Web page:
Nicole Keeb, head of international co-productions, development and acquisitions in the children and youth department at ZDF, talks to TV Kids about what’s guiding her acquisition and co-production strategies today.
For more than two decades, Keeb has been a driving force in setting the standard for ZDF’s children’s programming. She spent nine years as commissioning editor for acquisitions and co-productions in the children and youth department at the German public channel before assuming her current role in 2006.
TV KIDS: Tell me about the vital role that kids’ programming plays on ZDF.
KEEB: We are transmitting every week during the weekends, Saturday and Sunday mornings, for a total of eight hours. Saturday morning, it starts at 5:30 a.m. and goes until 10:30 a.m. On Sunday, we transmit from 6 a.m. to 9 a.m. on ZDF. And on KiKA each day from 6 a.m. to 9 p.m. KiKA is a joint venture of ARD and ZDF, so we are family. ZDF is obliged to deliver about 35 percent of KiKA’s programming. On ZDF itself, we have a children’s brand as well, ZDFtivi, which works like a channel within a channel. We entertain but also inform because we are public television and rely on public funds, so we feel we have to tackle special issues and topics; that’s our task and what we love to do.
Linear TV on ZDF and KiKA is still very important; the audience really appreciates it, and the numbers show that. We are scheduling for younger children on the weekends and then get slightly older through the morning.
TV KIDS: What are some of the qualities you look for when buying shows?
KEEB: We are looking for high-profile shows in live action and animation—warmhearted, well-told stories with three-dimensional characters and fresh and funny designs in terms of animation. At the moment, our preschool shelves are quite well packed, but of course, if something is outstanding, we are happy to be part of it anyway. We really appreciate programs for the whole family; we want kids, parents and grandparents in front of the screen. The topics should show diversity, [as should the programs’] cast and crew.
The formats are flexible—7-minutes, 11-minutes or 24-minutes—as well as specials and movies. It really depends on the project. Having a certain number of episodes helps to create awareness for the program.
TV KIDS: What makes ZDF a valuable co-production partner, and what are some of the recent or upcoming co-pros you can share with us?
KEEB: We not only invest in co-productions, but most importantly, we are giving our editorial input. I see my role as somebody who finds ideas, books, topics and themes that would work perfectly for ZDF and then find the international partners to realize those shows or topics and also bring together German and international partners. This happens very often with the support of ZDF Enterprises, which helps us to make an impact on the market. It’s helpful to realize those special series and programs in close connection with bigger and smaller European channels like the BBC and Sky in the U.K., France Télévisions, TF1, Rai Ragazzi and others, but also Disney, Netflix, ViacomCBS, HBO Max and Hulu, with whom we are working as well sometimes. We are open to discussions with everybody.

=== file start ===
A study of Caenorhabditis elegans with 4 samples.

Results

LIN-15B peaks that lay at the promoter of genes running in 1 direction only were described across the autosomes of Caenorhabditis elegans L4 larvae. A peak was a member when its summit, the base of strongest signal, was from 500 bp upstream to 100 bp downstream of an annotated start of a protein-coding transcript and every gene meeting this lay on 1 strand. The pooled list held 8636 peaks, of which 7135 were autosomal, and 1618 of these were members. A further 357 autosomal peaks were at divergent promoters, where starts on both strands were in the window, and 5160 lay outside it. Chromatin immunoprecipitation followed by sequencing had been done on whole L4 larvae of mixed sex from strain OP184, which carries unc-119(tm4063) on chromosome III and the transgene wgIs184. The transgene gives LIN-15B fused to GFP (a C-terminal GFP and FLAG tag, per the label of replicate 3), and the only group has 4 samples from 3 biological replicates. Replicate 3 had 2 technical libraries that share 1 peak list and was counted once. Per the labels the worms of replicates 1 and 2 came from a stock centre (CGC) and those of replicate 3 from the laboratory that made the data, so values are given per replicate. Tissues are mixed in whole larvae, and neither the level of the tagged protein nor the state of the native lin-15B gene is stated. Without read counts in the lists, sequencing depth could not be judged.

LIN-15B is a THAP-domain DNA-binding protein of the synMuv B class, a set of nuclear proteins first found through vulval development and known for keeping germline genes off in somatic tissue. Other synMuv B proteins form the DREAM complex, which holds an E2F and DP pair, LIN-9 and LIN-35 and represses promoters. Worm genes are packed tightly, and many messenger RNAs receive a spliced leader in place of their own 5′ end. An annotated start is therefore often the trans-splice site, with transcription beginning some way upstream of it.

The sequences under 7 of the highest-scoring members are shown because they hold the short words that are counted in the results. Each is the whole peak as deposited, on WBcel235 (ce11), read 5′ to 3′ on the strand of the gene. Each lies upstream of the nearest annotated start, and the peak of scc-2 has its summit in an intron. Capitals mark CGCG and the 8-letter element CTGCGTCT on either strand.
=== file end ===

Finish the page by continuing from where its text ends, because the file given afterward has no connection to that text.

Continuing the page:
The results of those connections and long-term partnerships are about 80 projects per year, on different levels; some are acquisitions, some are co-productions, some are prebought or developed from scratch together. I’d like to mention, in live action, the second season of The Bureau of Magical Things from Jonathan M. Shiff Productions, Find Me in Paris and Theodosiawith Cottonwood Media, Silverpoint with Zodiak Kids and Mia and me (an animation hybrid) with Studio 100. In animation, there’s Robin Hood: Mischief in Sherwood and Pinocchio & The Enchanted Village with ON kids & family; To you Lolness with Tant Mieux Prod; Grisù with Mondo TV; Klincus with Showlab; Pip and Posy, Pulled and all his sisters and brothers like The Gruffalo with Magic Light Pictures; and Zoom—The White Dolphin from Marzipan Films.
TV KIDS: What’s on your current wish list?
KEEB: Since we are so successful with our program selection, we would like to stick to the same strategy. We want to continue to develop shows out of heroes and legends, modern adaptations, free interpretations of big names. One current example is The Three Musketeers, featuring three girls. We’d like to do another big hit series with the BBC. We worked together so successfully on Wolfblood and The Worst Witch, it would be great to find another title that could work for both channels again. Of course, we always hope to continue our fruitful cooperations with our Australian friends and colleagues Jonathan M. Shiff, the ABC, Joanna Werner and Suzanne Ryan, just to name a few.